Views on Brain Death
According to the World Health Organization (WHO), only a few countries such as Pakistan and Romania do not recognize brain death as human death. In Japan, while the Organ Transplant Law in enacted, brain death is acknowledged as human death only when a transplant is to be performed.
This interpretation remains unchanged, even after there revision of the Act.
"Brain Death" refers to a condition in which the functions of the entire brain, including the brain stem that controls respiration, are irreversibly lost due to occurrences such as head trauma and cerebral apoplexy. The advent of respirators made it possible to temporarily maintain the heart beat even after the loss of cerebral functions, but the heart will eventually stop beating in a few days.
The "vegetative state" is a condition in which all or some of the cerebral functions are lost and the patient loses consciousness. However, the functions of the brain stem remain, spontaneous respiration is possible in many cases, and sometimes recovery occurs. Therefore a vegetative state is fundamentally different from brain death.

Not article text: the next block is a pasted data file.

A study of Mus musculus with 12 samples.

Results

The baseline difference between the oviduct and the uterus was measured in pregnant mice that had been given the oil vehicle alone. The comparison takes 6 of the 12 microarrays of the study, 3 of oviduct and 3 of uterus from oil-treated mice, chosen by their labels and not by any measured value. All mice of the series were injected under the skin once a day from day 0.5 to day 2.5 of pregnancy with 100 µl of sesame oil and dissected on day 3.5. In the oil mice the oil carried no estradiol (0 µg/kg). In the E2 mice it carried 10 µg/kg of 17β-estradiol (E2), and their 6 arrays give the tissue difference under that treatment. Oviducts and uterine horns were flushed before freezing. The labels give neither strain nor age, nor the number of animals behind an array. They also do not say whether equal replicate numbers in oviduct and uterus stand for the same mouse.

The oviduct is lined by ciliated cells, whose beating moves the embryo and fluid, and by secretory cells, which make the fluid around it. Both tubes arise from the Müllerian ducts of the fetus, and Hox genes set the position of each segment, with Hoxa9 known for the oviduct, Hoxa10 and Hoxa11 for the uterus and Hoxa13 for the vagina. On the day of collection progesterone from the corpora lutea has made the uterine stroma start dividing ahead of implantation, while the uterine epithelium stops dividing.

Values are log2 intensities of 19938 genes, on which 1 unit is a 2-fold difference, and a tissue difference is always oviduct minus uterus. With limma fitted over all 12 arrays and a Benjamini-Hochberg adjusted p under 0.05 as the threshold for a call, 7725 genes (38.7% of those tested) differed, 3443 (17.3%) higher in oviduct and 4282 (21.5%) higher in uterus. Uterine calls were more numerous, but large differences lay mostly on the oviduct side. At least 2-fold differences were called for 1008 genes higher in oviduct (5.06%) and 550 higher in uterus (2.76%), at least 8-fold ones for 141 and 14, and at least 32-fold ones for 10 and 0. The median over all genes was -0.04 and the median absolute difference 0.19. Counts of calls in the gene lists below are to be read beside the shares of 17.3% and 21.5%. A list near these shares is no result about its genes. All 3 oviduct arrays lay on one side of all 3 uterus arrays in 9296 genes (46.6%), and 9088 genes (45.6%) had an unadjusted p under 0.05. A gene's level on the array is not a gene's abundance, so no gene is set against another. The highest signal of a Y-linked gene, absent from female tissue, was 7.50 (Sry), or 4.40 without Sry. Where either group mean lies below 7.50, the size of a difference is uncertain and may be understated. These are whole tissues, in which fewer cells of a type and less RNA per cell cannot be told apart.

Brain death will only be declared if organic injury is observed in the brain with attributable cause and if the following criteria are met:
- Deep coma
- Dilated and fixed pupils
- Loss of brain stem reflex
- Flat brain waves
- Loss of spontaneous respiration
- Two or more doctors with requisite expertise and experience confirm no changes after a second test conducted six or more hours later.
(24 hours or more for children between the ages 12 weeks after birth to under 6 years)
Brain death cannot be declared in persons with drug intoxication, low body temperature, or endocrine/metabolic diseases. This evaluation is considered to be medically certain.
However, when respirators are used to maintain respiration and blood flow or when spinal reflexes cause movement in the limbs, brain death may be difficult to evaluate for Japanese who have recognized heart arrest (confirmation of the three signs: 1. Cessation of heart beat; 2. Cessation of spontaneous respiration; and 3. Loss of light reflex/dilated pupils) as human death.
In Japan, brain death is still not widely accepted as human death. Whether one considers heart arrest or brain death to be the benchmark for human death is a matter of personal judgement-- a decision based on personal views regarding life and death. Therefore, it is important for families to have serious discussions and express their intentions regarding this issue.